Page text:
Trump Extends Social Distancing Through April As Fauci Predicts 100,000-200,000 Deaths
I'm frequently critical of President Trump and it’s usually for good reason. However, I try to be objective and give the president credit when he does the right thing. That was the case yesterday when he ordered an extension of the federal call for social distancing to April 30.
By yesterday, Mr. Trump seemed to be taking the crisis more seriously. Speaking to reporters at the daily Coronavirus press briefing, the president said he would extend the federal social distancing guidelines to the end of April. The guidelines, originally set for two weeks, were due to expire on Monday.
As he spoke to reporters, Trump seemed like a different person from the president who wanted to fill churches for Easter only a few days before.
President Trump told reporters, “The modeling estimates that the peak in death rate is likely to hit in two weeks, so I’ll say it again: the peak, the highest point of death rates, remember this, is likely to hit in two weeks.” Two weeks from yesterday would be Easter Sunday.
So far, the US has reported 2,582 Coronavirus deaths per tracking site, Worldometer.com. There were 362 new deaths reported on Sunday, March 29, which was down from 525 on Saturday. The site cautions that Sunday’s data may be incomplete due to delayed reporting from New York. Coronavirus deaths have been doubling every 2-3 days.
“Nothing would be worse than declaring victory before the victory is won,” the president continued. “That would be the greatest loss of all. Therefore, the next two weeks, and during this period it’s very important that everyone strongly follow the guidelines.”
“The better you do, the faster this whole nightmare will end,” the president told the country.
The credit for Trump’s turnaround almost certainly goes to Drs. Fauci and Birx. The two medical experts are frequent fixtures are the press conferences and have won the respect and admiration of the country.
Speaking to CNN’s Jake Tapper on Sunday, Dr. Fauci said, “Looking at what we’re seeing now, you know, I would say between 100 and 200,000 (deaths)” from Coronavirus in the US. Fauci said that the US would have millions of COVID-19 cases.
“Whenever the models come in, they give a worst-case scenario and a best-case scenario,” Fauci explained. “Generally, the reality is somewhere in the middle. I’ve never seen a model of the diseases that I’ve dealt with where the worst case actually came out. They always overshoot.”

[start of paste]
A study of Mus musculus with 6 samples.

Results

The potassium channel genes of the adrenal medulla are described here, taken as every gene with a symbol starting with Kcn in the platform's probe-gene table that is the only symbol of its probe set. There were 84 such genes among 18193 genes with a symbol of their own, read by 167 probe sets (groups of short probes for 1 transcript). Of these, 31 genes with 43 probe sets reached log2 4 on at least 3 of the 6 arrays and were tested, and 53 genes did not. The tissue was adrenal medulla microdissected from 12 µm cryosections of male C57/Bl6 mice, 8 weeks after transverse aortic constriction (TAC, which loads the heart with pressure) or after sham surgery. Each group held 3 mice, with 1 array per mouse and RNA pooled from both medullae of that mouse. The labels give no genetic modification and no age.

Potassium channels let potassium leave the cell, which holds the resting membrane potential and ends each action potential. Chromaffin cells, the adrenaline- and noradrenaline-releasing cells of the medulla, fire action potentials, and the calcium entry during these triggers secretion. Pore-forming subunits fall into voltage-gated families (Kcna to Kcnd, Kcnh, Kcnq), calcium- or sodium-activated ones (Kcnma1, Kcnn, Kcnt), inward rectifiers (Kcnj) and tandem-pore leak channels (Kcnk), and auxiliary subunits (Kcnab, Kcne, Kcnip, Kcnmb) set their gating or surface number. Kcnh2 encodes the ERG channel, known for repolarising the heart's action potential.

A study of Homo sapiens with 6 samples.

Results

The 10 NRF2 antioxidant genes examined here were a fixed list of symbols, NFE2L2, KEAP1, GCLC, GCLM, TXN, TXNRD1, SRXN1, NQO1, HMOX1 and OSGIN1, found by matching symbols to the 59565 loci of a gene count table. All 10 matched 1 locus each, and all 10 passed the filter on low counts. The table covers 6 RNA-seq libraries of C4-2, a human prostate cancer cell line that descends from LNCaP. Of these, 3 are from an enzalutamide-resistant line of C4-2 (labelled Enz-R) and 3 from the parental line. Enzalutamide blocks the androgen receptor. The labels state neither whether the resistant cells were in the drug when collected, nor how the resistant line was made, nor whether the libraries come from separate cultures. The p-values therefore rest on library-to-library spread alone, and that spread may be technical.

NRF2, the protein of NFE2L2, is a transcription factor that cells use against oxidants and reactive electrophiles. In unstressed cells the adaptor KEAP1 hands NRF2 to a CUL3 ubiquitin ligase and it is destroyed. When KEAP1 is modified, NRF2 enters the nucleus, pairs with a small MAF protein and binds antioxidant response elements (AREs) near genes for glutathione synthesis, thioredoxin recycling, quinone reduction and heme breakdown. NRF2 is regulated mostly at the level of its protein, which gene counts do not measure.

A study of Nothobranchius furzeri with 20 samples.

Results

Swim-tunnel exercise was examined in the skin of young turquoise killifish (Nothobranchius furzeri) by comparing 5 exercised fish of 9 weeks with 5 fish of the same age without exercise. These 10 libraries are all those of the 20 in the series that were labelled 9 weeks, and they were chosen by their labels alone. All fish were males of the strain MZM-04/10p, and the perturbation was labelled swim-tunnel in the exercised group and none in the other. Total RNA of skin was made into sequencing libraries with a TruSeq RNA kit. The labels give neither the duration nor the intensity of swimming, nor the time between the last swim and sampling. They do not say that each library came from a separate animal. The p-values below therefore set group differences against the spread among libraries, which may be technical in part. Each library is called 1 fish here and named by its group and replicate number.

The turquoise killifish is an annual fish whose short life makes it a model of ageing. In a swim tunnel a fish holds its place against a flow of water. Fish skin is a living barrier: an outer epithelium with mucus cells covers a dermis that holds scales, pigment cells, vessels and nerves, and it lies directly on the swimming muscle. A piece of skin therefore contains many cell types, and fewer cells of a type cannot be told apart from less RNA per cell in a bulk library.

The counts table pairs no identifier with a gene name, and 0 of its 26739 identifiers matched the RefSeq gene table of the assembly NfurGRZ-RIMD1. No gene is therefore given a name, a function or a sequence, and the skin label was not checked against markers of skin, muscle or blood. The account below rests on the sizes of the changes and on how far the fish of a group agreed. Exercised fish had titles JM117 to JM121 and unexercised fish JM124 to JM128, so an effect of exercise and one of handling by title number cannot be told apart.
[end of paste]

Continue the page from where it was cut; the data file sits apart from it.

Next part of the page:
The worst-case scenario presented by the models would be millions of deaths. At the press conference, Dr. Birx said that models predicted “1.6 and 2.2 million fatalities if we didn’t mitigate.” Fauci called that worst-case scenario “not impossible, but very, very unlikely.”
Presenting bad news with good, the president also veered off-script to accuse New York health authorities of something “worse than hoarding.”
“I want the people in New York to check Governor Cuomo, Mayor de Blasio, that when a hospital that’s getting 10,000 masks goes to 300,000 masks during the same period, and that’s a rapid period, I would like them to check that because I hear stories like that all the time,” Trump said. “We’re delivering millions and millions of different products, and all we do is hear, ‘Can you get some more?””
Actor Lou Diamond Phillips responded to the charge on Twitter, pointing out that 1,000 nurses changing their masks between treating 30 patients per day would use 300,000 masks over 10 days. The dramatic increase in the usage of medical products is tied directly to the dramatic increase of infectious patients.
At the end of the day, however, President Trump stepped up and made a very difficult decision. Keeping the economy in hibernation for another month as we approach a presidential election was not an easy thing to do, but, when the evidence of the spreading outbreak was considered, there was really no choice at all. When given a choice between a recession or millions of dead Americans plus a recession, the president acted wisely and against the wishes of many in his base. He deserves credit for that.